Somali women are likely to see 30% more women parliamentarians for the first time in history should the September 2020 electoral agreement be implemented
A number of Somali women are driving a movement to ensure inclusive representation of women in leadership positions
Measuring how development support impacts inclusion of marginalized and vulnerable groups should be at the center of all donor supported initiatives
NAIROBI, March 24, 2021— When a crisis hits Somalia, women and girls often bear the worst of it.
Somalia is currently facing multiple shocks, including the COVID-19 (coronavirus) pandemic, locust invasions, food insecurity and ongoing insurgency. As conflict across the country increases, so too does the threat of harassment, kidnapping and sexual violence against women and girls. As locusts destroy crops and food insecurity surges, women are left vulnerable to violence and theft as the men leave them behind unprotected to search for food or work.
Lockdowns and other measures meant to help slow the spread of COVID-19 has put girls at higher risk for child marriage and female genital mutilation. These challenges are further compounded by long-term, deep-seated issues around inclusivity and equity in the country’s political and governance structures. Yet, development can’t be successful unless it includes equal participation of women and girls. Enter Hodan Ali, Senior Advisor for the Mayor of Mogadishu, Director for Humanitarian Affairs and Durable Solutions Unit in the Benadir municipality. Ali is also the co-founder of LeadNow, a grassroots movement aimed at empowering the voice of women on governance affairs.
“Women continue to suffer from the lack of political representation in critical governance sectors, especially parliament with rampant abuses and neglect of women’s issues and proposals of violent laws that impede on the human rights of women and children,” Hodan said. “Without just representation for women there will be further erosions in democracy and human rights as our governance structures fail to represent the voices of so many women and their respective intersections.”
Presently, women account for 24% of the country’s parliamentary seats. The current election agreement promised to reserve 30% of the seats in Parliament for women’s representation. But while Hodan says the recent provision marks a bold step in the right direction, it barely scratches the surface of the scale of efforts needed to widen inclusivity in the country.
“Traditionally it has been forced upon male politicians to create space for women and that makes it a sort of tokenism,” Hodan said. “Unfortunately, it does not really create a genuine space where women can come and have their voices evaluated, challenged and accepted in the same way as men.”
With pervasive concern over whether the country can conduct a free and fair poll, Hodan argues that while the fear of a potential slide back to instability is warranted, the citizens of Somalia should not allow efforts towards remedying gaping inequalities to be relegated to the back burner. An estimated 2.5 to 3.0 million people in Somalia are internally displaced. Hodan believes that the country’s leadership should prioritise widening inclusion to this category if the country is to secure long-term stability.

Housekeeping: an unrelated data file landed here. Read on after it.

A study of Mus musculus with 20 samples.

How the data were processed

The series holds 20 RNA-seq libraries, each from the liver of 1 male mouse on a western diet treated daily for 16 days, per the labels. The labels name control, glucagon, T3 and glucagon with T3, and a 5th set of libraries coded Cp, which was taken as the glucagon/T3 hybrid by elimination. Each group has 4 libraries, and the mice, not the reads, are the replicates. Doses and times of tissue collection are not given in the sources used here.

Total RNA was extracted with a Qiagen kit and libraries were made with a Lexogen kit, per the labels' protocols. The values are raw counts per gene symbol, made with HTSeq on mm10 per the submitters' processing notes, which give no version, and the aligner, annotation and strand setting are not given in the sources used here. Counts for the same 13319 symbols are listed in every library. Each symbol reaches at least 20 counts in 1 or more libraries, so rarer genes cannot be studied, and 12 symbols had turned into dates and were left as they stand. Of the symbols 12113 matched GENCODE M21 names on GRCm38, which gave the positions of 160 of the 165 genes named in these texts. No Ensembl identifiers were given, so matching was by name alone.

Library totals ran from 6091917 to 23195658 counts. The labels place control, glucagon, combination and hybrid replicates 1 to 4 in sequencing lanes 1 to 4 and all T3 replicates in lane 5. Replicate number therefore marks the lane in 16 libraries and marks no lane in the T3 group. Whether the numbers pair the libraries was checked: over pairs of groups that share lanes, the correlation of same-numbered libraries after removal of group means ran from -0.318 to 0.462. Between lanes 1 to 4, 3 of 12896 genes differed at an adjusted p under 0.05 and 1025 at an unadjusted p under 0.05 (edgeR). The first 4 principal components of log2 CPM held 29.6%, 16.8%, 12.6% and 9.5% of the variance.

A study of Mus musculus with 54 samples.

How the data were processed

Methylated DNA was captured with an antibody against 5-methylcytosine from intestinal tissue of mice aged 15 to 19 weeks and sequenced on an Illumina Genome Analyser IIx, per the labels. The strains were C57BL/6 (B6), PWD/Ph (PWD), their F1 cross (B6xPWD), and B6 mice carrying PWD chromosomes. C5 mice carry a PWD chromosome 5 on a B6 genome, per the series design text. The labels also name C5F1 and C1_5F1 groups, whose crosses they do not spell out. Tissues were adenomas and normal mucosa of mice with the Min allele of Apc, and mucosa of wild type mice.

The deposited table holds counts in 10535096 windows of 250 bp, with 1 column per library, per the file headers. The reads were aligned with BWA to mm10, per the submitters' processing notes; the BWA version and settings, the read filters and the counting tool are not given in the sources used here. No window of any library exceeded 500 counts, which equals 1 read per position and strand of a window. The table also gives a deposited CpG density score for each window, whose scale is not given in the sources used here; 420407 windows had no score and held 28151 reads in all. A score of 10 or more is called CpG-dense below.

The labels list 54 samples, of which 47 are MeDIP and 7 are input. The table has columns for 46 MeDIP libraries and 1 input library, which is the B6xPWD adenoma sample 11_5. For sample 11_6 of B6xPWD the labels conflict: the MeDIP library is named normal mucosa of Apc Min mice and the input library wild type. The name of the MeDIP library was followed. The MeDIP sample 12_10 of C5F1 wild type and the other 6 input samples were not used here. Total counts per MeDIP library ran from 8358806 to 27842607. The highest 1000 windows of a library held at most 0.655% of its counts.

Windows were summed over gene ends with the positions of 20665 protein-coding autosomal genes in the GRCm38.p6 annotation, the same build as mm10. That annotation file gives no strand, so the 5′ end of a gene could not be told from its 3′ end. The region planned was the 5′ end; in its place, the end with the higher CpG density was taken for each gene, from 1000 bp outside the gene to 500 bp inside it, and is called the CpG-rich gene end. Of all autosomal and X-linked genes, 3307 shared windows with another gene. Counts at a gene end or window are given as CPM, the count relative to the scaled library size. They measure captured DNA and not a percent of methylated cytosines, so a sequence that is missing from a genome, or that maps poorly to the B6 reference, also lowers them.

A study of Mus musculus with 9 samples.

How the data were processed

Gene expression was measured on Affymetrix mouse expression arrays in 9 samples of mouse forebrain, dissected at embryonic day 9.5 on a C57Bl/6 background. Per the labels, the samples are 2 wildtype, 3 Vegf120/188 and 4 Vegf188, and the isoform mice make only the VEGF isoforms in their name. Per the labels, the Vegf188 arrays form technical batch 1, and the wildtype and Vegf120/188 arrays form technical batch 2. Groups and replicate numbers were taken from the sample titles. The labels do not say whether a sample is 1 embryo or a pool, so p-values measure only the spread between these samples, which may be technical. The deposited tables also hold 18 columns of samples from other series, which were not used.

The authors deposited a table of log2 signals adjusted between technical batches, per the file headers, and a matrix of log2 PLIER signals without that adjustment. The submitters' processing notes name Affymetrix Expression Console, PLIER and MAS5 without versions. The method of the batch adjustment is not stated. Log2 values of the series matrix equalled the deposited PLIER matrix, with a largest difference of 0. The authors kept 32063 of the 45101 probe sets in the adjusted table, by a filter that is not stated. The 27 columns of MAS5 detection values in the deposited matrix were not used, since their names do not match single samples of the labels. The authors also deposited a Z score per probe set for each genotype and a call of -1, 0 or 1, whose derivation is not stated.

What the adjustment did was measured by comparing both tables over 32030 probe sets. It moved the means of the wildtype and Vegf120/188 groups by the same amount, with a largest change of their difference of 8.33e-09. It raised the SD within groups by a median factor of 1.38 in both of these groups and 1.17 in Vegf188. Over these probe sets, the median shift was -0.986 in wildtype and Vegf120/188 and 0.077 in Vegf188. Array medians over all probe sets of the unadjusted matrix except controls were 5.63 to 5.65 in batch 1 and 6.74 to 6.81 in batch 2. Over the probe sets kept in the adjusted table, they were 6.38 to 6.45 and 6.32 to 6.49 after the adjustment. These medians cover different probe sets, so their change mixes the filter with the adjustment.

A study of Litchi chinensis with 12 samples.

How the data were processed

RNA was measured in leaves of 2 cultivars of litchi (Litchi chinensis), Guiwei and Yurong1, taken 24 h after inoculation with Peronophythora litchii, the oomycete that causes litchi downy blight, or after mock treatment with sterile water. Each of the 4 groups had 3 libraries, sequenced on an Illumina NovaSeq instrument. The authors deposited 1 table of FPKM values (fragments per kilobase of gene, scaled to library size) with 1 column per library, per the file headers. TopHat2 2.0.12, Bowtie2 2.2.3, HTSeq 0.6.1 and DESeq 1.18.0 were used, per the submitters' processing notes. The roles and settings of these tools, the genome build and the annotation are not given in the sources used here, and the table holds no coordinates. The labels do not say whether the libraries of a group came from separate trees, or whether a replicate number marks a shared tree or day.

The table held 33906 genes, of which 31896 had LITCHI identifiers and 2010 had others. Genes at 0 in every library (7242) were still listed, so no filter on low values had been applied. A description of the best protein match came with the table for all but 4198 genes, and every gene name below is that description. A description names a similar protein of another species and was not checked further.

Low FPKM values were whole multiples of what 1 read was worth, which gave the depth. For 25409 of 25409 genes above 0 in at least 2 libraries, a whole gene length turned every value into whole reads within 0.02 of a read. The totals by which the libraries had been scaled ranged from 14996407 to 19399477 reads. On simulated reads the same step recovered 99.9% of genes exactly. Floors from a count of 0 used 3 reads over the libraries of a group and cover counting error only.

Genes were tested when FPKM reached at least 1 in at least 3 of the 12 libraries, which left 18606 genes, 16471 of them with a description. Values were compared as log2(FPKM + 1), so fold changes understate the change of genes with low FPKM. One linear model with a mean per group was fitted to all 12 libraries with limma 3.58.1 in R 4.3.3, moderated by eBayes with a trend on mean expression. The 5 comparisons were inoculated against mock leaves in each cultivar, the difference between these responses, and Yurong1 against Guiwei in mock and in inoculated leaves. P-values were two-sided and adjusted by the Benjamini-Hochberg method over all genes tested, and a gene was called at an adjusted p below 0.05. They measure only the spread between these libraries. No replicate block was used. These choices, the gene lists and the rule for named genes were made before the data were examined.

Hodan is now challenging Somalia’s development partners to leverage their role as key financiers of the public sector’s day-to-day operations to accelerate the pace at which efforts towards greater inclusivity and equity are realized.
“Somalia is heavily supported by international partners and dollars from the international community. I am a dual citizen and I pay my taxes towards the UN mission to Somalia,” she said. “I then am able to ask how my Canadian taxpayer money is being used in improving the lives of women in Somalia.”
Hodan holds that a more inclusive and equitable will be a vital pillar in helping to strengthen the resilience of the country’s private sector which serves as a pivotal growth engine, alongside aid driven investment.
“The World Bank recognizes importance of addressing gender disparities and dynamics underpinning exclusion in Somalia a critical facet of smart development policy and practice and is working to intensify efforts to advance gender equity and broader social inclusion across all its projects,” said Verena Phipps, World Bank Senior Social Development Specialist. “Advancing access to opportunities and voice is a critical pathway to ensuring sustained growth and shared prosperity and is critical to the consolidation of peace and security in conditions of ongoing conflict and instability.”
In support of these efforts, the Bank recently launched the establishment of the Somalia Gender Equality Platform, a multi-year and multi-sectoral initiative to intensify Bank efforts to promote gender equality and inclusion of those left behind more broadly. The Platform will look to increase technical support to integration of gender considerations across all operations, conduct frontier research, and identify innovative interventions, as well as expand policy dialogue and knowledge sharing across government and development partners.